Deals such as First Consulting Group, with expertise in healthcare, buying Web specialist Doghouse Productions were the norm just a few months ago. FCG’s purchase allowed the firm to offer “complete” e-services.

But now that the e-luster has tarnished a bit, you’ll be hearing about more traditional acquisitions. Grant Thornton has publicly stated its desire to sell its consulting practice. And we expect PricewaterhouseCoopers to push the sales idea—either in part or in whole—by summer’s end. Be assured that one of those two will be gone before the leaves change in the fall. And there is always a market for companies in a funk, such as Navigant and Cambridge Technology Partners.

Like a Friday night mixer, the second half of 2000 will see much dancing among consulting players. The exclusive alliances and partnerships that choked the industry the past two years will give way to formal acquisitions. A seller’s market has shifted to allow buyers of consulting firms more than a few plump opportunities.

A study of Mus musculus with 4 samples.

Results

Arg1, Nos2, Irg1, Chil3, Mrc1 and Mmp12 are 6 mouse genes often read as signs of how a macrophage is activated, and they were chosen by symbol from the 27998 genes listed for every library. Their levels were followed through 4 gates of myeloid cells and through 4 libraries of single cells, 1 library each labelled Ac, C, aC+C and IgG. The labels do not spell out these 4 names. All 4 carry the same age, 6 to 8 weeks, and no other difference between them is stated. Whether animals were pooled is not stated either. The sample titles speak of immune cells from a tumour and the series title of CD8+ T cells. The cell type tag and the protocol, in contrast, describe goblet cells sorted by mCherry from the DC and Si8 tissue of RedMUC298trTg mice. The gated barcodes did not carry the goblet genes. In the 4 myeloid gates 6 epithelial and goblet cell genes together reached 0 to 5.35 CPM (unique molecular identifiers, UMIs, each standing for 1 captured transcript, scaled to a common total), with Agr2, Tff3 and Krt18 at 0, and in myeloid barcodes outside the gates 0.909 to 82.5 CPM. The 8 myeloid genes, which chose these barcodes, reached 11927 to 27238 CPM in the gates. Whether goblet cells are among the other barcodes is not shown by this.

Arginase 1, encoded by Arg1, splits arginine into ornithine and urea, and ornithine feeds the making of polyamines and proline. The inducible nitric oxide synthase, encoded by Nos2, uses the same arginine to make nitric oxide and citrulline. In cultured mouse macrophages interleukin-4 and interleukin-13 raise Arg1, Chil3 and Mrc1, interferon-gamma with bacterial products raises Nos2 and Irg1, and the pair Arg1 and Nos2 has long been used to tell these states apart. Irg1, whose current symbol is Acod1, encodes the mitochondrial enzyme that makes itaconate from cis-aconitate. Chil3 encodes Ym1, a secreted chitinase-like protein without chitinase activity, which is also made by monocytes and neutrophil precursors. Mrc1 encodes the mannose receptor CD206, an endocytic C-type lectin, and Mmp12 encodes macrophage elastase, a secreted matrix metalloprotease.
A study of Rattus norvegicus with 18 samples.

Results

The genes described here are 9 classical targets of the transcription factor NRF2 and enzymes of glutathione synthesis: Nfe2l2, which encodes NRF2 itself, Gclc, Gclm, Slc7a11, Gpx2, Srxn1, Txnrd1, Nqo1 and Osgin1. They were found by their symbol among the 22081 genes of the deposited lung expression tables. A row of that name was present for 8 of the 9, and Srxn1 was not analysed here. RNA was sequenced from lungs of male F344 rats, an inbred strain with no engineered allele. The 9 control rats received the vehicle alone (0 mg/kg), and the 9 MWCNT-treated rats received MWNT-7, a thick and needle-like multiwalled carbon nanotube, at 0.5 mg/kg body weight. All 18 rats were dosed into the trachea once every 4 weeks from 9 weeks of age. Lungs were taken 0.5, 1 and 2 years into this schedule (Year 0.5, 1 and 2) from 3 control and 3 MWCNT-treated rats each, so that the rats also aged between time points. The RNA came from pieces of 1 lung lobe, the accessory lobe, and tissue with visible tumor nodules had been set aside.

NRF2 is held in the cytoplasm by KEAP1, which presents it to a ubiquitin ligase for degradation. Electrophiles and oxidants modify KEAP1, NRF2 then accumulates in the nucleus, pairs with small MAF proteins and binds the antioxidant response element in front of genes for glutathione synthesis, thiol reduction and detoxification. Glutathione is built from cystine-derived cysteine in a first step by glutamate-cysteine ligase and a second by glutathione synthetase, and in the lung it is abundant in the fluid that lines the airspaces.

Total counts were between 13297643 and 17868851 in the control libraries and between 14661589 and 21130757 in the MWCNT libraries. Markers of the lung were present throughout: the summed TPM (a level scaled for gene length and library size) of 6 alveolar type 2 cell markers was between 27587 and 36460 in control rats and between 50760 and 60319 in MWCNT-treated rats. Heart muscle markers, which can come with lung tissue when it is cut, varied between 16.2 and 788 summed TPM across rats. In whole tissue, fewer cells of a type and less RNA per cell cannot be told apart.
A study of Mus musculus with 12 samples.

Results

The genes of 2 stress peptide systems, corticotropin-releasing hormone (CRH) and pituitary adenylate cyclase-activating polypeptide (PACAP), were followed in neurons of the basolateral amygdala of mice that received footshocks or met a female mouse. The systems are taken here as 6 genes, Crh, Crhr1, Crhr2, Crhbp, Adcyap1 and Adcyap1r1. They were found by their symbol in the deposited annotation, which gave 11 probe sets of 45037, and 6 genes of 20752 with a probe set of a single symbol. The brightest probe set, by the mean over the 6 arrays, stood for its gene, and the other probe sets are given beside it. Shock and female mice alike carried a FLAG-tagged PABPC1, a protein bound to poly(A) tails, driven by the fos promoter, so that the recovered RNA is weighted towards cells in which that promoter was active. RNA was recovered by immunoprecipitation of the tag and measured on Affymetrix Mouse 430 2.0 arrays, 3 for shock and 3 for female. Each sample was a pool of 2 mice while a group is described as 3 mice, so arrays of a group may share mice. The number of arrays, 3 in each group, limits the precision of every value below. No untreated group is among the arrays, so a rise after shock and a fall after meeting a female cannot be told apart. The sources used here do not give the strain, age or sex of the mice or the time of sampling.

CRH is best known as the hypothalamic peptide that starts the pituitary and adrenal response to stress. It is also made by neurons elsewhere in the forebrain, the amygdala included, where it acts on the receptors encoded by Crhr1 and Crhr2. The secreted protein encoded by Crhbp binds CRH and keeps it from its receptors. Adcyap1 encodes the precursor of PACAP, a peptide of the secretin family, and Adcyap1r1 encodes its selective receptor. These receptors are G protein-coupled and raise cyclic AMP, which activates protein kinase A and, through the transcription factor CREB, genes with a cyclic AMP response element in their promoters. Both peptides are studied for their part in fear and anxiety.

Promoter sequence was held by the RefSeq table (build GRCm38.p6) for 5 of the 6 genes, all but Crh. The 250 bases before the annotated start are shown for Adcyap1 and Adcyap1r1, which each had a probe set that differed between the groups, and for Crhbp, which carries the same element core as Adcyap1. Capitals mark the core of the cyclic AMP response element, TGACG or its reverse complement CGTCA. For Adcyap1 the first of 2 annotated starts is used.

Heard on the street
How important are client relationships? Repeat business amounted to 66.4 percent of total consulting fees, according to the Association of Management Consulting Firms. The cost-of-sale is almost three times higher to new clients, which severely impacts margins. But there is a danger in selling too much to your same customers: What happens when a company pulls an AT&T and slashes annual consulting expenditures in half?
Inside Consulting is written by Tom Rodenhauser as a free weekly supplement to The Rodenhauser Report. The report informs senior advisors and business executives of consulting trends and best practices. Subscription cost is $295 per year for 10 issues. Copyright 2000, Consulting Information Services, LLC. Reproduction is prohibited. Quotation with attribution is encouraged.